The story is told of Bishop Handley Moule of Durham, a New Testament scholar in the early 20th century. He was on a train one day, and found himself sitting opposite a young Salvation Army officer. After she had looked at the bishop for a while, the young officer leaned forward and asked him, “Excuse me, sir, but are you saved?” She wasn’t trying to be rude. For her, it was simply an important question to ask anyone. And I’m equally sure the bishop’s answer wasn’t meant to be patronizing or humiliating. He was merely answering the question like the Greek scholar he was. “Well, it depends whether you mean sesosmai, sodzomai, or sothesomai.”
Almost certainly, she had no idea what he was talking about, but the story doesn’t tell us what was said next. Quite simply, the three words mean “I was saved,” “I am being saved,” and “I will be saved,” in Greek, the original language of the New Testament. So what’s the difference—and does it matter?
“I was saved”
What does this mean? For the past 400 years, there have been two contested answers in the Western church. The evangelical tradition from which the Salvation Army officer came would mean, “Have you made a conscious decision to turn from your self-directed life and become a follower of Jesus?” The other answer is that one is saved and made a member of the family of God through baptism and—in mainline traditions at least—that is normally when one is a baby.
My favourite metaphor for the church—the trade school of Jesus—offers one solution. What if we thought of baptism as the way we register in the school? If an adult comes to Christian faith, they are baptised to indicate their decision to join the school. When a baby of a Christian family is baptised, it means a commitment on behalf of parents and godparents to raise that child as a student of Jesus. That doesn’t resolve the issue completely, of course, but it’s not a bad start.
I believe there’s a better answer than this, however. I heard it first from a speaker who began by saying, “I was saved at three o’clock on a Friday afternoon.” I confess I was already sceptical about an evangelical conversion that could be quite so precisely dated—and timed. But then he added “. . . two thousand years ago.” And a light went on. The foundation of our being saved is not in the first place anything to do with us—it’s to do with the boundless love of God in Christ. What a relief!
But the other two tenses are equally important.
“I am being saved”
Right now, the Holy Spirit is at work in those of us trying to follow Jesus—and our job is to co-operate. I have three analogies for this:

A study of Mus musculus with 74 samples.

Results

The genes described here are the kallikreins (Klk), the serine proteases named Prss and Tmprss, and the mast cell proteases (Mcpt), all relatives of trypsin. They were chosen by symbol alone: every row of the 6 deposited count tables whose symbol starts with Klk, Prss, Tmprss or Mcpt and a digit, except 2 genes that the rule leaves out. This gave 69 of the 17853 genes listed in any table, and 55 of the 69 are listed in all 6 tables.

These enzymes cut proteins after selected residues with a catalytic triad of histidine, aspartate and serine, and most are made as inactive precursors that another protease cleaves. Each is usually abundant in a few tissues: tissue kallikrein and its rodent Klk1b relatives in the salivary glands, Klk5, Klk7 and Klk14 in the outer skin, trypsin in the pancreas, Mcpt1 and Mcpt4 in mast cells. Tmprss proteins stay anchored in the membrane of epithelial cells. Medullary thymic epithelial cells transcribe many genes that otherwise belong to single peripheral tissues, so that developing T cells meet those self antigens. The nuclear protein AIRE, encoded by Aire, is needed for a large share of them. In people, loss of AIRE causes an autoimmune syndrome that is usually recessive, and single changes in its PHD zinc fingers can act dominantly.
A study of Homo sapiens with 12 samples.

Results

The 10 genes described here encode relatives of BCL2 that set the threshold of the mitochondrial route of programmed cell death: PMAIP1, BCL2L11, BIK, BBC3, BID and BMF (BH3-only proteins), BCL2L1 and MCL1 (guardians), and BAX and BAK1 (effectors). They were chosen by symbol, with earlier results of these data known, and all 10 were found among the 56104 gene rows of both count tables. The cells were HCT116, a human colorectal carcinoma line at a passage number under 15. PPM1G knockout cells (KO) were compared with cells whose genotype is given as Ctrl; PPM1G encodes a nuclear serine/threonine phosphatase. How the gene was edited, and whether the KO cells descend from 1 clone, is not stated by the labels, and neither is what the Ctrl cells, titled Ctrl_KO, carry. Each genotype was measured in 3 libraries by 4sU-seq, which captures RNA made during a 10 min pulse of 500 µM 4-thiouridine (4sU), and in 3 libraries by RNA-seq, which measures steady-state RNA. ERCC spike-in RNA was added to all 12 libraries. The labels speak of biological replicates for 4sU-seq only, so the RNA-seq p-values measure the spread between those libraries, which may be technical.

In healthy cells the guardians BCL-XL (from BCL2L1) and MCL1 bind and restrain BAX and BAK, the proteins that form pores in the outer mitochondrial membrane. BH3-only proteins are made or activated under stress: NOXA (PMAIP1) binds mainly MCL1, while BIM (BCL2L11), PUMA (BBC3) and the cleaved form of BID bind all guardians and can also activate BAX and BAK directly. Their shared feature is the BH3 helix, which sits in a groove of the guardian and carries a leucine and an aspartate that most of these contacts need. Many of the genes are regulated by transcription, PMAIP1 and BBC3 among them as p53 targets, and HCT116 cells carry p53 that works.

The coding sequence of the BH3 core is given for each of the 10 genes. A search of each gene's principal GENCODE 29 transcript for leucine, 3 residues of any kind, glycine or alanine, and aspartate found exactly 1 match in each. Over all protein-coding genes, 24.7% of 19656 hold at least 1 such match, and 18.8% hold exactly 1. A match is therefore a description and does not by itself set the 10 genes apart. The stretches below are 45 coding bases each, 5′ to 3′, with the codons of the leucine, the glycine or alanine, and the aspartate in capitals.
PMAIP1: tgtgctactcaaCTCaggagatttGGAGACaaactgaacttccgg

- The Spirit is like a gardener, weeding out the bad stuff, and watering the good stuff.
- Being a Christian is being an apprentice in the trade school of Jesus, and the church is the gathering of the trade school of Jesus. Being saved is working on our assignments.
- S. Lewis says, “The joys of Heaven are for most of us, in our present condition, ‘an acquired taste’.” “Being saved” is the process of acquiring the “taste” of the new world, the fulfilment of the Kingdom that God is preparing, living the way of the future right now in the present.
None of these is necessarily fun—being weeded, tackling difficult assignments, acquiring an unfamiliar taste—but it’s worth it. Which brings us to the future tense.
“I will be saved”
The process of being saved is not yet complete, you may have noticed. Just watch the news. Read the media. A warming planet, hunger, disease, oppression, racism . . . the list goes on. And sadly, the problem is not just “out there.” If we are honest, we know the persistent sins that plague our own lives—and, even if we don’t, those we live with certainly do!
But God is not done with us or our world. The promise of scripture is that in the end good will triumph over evil—or, to be precise, the goodness of God will triumph over evil, the way of Jesus will triumph over ways of death and destruction, and love will reign supreme—in us and in God’s world. Perhaps the most vivid picture we have of this is Revelation 21’s picture of “a new heaven and earth . . . [where] death will be no more; mourning and crying and pain will be no more.”
Let me risk one more analogy. When I was in high school in Wales, we were trained in beach rescue. This is the system whereby the lifesaver swims out, attached by a line to a team on the shore. Once the lifesaver has grabbed the drowning person, the team on the shore hauls in the line till (with skill and a little luck) the hapless swimmer is restored to dry land.
I never got to rescue anyone, though others on my team did. Now, supposing that the swimmer, safe in the strong grip of the rescuer, had the presence of mind—and enough air in their lungs—they could in theory say, or at least splutter, “I have been saved, I am being saved, and I will be saved.” They are secure, no longer in danger of drowning. But in spite of that, their present experience is not exactly comfortable—the process is not yet complete. Only when they are on blessed dry land will they be able to heave a final sigh of relief—they are safe.
That’s the point. We are at present in the middle of a process initiated by God in the past and brought to completion by God in the future. Unlike the swimmer, we have breath to say, “Thank you God, that I am safe in your strong arms.” And we trust, and we follow.